Years ago I wrote that my father and I had a stormy relationship. And then clarified it by saying we both liked to chase storms. We were armchairs storm chasers, though, older than I am now, he would still go out during a hurricane to ciclonear, as we called it back home. That is, he would try to step out into the wind and rain until my mother pulled him in. In his youth, a ciclon would be an excuse for young folk to go out into the chaos because the young love chaos, and sometimes do good deeds like rescue people stranded in the storm.
I was never that adventurous but I loved to track the hurricanes, and though they could be deadly their mayhem never depressed me like the items of violence that crossed a newspaper's editorial meetings on a daily basis. Acts of God somehow seemed more benign than Acts of Man, which seemed more like Acts of Satan.
So, armed with the latest radar info from weather channels -- later from the Internet -- I would call my dad and discuss where el meteoro, as the weathermen of my hurricane-spiked tropical childhood would call it, was likely to make land. My father was armed with a thermometer-barometer from the '50s that he probably bought at Havana's Sears and matched our Danish Modern living room set, also from Sears and very uncomfortable.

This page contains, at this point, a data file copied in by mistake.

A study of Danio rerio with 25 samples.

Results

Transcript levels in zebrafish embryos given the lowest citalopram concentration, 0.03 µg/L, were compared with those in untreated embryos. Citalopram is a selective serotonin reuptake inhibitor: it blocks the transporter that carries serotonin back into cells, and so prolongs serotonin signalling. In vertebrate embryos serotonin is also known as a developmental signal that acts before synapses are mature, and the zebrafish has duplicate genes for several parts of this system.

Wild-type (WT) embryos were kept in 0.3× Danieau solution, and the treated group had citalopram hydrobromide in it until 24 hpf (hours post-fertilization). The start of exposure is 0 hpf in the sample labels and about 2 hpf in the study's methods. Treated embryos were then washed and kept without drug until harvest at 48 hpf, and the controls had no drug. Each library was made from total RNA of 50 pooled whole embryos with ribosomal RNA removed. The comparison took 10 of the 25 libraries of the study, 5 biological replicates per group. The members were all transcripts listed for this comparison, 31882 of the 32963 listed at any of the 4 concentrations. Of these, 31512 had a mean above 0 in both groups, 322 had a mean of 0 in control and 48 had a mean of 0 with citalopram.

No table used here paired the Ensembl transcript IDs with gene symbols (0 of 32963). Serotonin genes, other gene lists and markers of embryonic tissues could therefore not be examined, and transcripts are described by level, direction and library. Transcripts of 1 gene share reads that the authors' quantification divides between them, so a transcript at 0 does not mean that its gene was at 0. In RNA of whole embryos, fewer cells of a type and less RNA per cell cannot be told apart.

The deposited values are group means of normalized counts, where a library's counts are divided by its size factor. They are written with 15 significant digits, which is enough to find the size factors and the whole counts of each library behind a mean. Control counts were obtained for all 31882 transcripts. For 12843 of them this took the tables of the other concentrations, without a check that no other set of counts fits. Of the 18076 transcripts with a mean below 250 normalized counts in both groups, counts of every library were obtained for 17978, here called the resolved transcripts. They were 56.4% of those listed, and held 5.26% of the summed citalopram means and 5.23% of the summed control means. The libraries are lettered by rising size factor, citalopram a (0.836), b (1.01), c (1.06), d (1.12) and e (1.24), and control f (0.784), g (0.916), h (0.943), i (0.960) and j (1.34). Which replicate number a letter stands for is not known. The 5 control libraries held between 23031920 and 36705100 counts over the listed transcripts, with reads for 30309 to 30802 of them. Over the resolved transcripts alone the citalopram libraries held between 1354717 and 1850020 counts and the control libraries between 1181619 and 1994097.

His other tool was the memory of an old Caribbean man. The hurricane of X year, that's how his generation spoke of it before the days of Andrew and Katrina. And that memory of the path taken by a hurricane he factored into the information the Sears Danish Modern thermoteter-barometer gave him.
I don't recall who came closer to calling it because it didn't matter. We were enjoying ourselves playing amateur meteorologists, armchair cicloneros. The Sears thermometer/barometer hangs on my living room wall now, but I don't consult it. I follow the increasingly sophisticated online prognosticators, wishing I could match them against a reading of the instrument that needs a Caribbean memory of ciclones gone by to work properly.